The Trump administration is desperately trying to dismiss a children’s climate lawsuit

Dark clouds ahead.
Dark clouds ahead.
Image: Reuters/Jonathan Ernst

The case Julian vs United States was filed in 2015 in the US district court in Oregon. It claimed that the US government, then led by Barack Obama, had violated the youngest generation’s constitutional rights to life, liberty, and property through actions that cause climate change. It asks a judge to order the government to create a recovery plan that will reduce carbon-dioxide emissions to 350 parts per million (ppm) by 2100 (down from more than 410 ppm today) and stabilize the climate system.

The government has tried to dismiss the lawsuit, but their motions have been repeatedly struck down. In November 2016, US district court judge Anne Aiken’s opinion gave strong support for the case to go to trial:

Just as marriage is the foundation of the family, a stable climate system is quite literally the foundation of society, without which there would be neither civilization nor progress… this lawsuit is not about proving that climate change is happening or that human activity is driving it. For purposes of this motion, those facts are undisputed… Federal courts too often have been cautious and overly deferential in the arena of environmental law and the world has suffered for it.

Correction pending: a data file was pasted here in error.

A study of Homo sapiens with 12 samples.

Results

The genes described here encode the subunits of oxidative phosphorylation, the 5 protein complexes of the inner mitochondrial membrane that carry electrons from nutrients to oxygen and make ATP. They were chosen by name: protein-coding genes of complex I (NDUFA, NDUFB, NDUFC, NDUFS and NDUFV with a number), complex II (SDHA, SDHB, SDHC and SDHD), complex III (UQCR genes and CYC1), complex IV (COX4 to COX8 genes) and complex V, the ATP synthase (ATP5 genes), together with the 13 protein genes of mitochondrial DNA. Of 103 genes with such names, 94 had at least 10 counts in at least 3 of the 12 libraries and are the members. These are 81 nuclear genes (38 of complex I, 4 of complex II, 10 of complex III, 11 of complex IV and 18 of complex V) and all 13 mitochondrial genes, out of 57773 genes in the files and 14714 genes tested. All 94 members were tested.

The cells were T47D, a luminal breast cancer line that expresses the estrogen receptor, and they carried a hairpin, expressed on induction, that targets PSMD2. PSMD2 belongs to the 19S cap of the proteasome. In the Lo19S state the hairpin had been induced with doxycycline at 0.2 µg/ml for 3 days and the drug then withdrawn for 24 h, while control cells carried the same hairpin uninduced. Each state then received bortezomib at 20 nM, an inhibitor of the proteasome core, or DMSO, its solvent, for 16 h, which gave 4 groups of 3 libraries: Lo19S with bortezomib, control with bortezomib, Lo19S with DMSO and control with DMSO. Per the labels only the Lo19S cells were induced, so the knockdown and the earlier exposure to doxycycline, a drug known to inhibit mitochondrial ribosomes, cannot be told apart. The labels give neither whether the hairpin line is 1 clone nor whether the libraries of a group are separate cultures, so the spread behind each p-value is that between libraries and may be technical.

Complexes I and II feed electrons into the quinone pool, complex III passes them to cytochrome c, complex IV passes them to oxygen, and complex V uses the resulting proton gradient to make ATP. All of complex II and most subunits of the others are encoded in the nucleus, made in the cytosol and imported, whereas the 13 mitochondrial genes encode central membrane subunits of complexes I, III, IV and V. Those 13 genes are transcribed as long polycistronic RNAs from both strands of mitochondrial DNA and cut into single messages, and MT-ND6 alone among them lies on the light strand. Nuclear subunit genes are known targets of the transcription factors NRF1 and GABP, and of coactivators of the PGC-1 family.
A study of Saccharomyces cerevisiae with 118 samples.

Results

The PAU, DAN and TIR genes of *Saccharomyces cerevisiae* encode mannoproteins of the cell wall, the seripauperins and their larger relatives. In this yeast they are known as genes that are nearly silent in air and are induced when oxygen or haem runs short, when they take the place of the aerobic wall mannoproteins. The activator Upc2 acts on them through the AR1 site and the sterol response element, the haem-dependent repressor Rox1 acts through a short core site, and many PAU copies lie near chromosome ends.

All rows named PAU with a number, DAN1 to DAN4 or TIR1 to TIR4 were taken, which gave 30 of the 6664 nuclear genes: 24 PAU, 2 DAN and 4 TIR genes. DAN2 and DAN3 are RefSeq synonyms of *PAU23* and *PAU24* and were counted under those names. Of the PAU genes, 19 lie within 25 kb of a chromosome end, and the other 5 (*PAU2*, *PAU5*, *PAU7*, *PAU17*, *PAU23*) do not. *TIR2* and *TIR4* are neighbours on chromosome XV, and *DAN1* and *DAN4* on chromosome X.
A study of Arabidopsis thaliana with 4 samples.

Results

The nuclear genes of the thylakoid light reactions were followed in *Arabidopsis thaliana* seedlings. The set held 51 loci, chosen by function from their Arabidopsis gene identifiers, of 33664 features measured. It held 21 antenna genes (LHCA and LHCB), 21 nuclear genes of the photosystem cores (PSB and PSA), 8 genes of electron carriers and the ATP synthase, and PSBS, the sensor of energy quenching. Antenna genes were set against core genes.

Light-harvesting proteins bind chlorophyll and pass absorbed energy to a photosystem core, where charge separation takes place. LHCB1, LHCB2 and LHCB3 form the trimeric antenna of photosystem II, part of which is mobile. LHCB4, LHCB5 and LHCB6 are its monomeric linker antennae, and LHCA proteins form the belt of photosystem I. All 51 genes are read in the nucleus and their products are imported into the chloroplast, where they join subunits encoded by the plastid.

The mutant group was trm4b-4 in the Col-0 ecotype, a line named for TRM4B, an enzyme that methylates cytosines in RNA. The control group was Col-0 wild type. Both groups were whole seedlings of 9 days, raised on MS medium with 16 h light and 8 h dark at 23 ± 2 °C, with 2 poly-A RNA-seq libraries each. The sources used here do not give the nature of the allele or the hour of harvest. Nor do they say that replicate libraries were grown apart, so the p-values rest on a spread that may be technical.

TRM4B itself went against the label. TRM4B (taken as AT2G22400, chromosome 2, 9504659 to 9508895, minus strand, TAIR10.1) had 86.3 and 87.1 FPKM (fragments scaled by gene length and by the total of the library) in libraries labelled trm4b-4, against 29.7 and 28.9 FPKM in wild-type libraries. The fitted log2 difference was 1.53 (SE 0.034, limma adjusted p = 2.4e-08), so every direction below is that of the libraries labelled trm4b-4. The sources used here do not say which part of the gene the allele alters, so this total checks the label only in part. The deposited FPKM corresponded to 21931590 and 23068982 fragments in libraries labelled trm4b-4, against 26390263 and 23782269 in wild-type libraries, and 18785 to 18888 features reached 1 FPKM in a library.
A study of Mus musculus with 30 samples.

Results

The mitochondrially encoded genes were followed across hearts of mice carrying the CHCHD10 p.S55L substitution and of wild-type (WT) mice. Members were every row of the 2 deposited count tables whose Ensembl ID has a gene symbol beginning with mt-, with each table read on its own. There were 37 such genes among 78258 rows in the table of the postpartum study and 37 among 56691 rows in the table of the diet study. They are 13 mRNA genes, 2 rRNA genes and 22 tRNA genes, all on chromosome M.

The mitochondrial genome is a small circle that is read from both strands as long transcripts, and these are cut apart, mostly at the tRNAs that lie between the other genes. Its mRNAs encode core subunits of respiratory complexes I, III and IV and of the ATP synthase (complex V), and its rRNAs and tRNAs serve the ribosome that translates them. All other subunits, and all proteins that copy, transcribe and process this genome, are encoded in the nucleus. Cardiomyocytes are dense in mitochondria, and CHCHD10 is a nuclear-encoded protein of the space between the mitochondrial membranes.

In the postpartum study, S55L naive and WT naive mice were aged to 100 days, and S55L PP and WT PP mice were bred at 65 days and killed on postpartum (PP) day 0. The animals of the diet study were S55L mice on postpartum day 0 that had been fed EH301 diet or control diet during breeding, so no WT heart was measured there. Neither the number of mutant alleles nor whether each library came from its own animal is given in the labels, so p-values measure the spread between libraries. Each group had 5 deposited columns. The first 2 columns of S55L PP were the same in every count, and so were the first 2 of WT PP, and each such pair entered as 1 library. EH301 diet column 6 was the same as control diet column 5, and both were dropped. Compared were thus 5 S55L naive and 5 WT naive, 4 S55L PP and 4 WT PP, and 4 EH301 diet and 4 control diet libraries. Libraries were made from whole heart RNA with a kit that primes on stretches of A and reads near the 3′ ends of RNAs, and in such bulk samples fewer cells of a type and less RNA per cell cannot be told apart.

The US government under Obama said in September 2016 that “We do not question the science. Climate change threatens our environment and our ecosystems. It alters our climate systems and it will only worsen over time. It is the result of man-made emissions.” But it argued that US courts are “ill-suited” to rule on matters “that span the globe.” The Trump administration’s argument is that the case “is an unconstitutional attempt to use a single court to control the entire nation’s energy and climate policy.”

Julia Olson, the young people’s lawyer and the chief legal counsel of Our Children’s Trust, argues that courts need to step in because the government has not, despite knowing that fossil-fuel emissions cause global warming. In any case, she argues that this is not a question of ruling by courts but of securing constitutional rights. “We don’t usurp judicial power in the United States of America. Our courts hear constitutional claims and they decide them not by speculating as to the facts, but seeing the evidence and hearing the expert testimony,” Olson said in a statement.

As Quartz reported previously, similar lawsuits that aim to force governments to act on climate change have succeeded in Colombia and the Netherlands, and some are under consideration in Norway, Belgium, Australia, Canada, and the UK.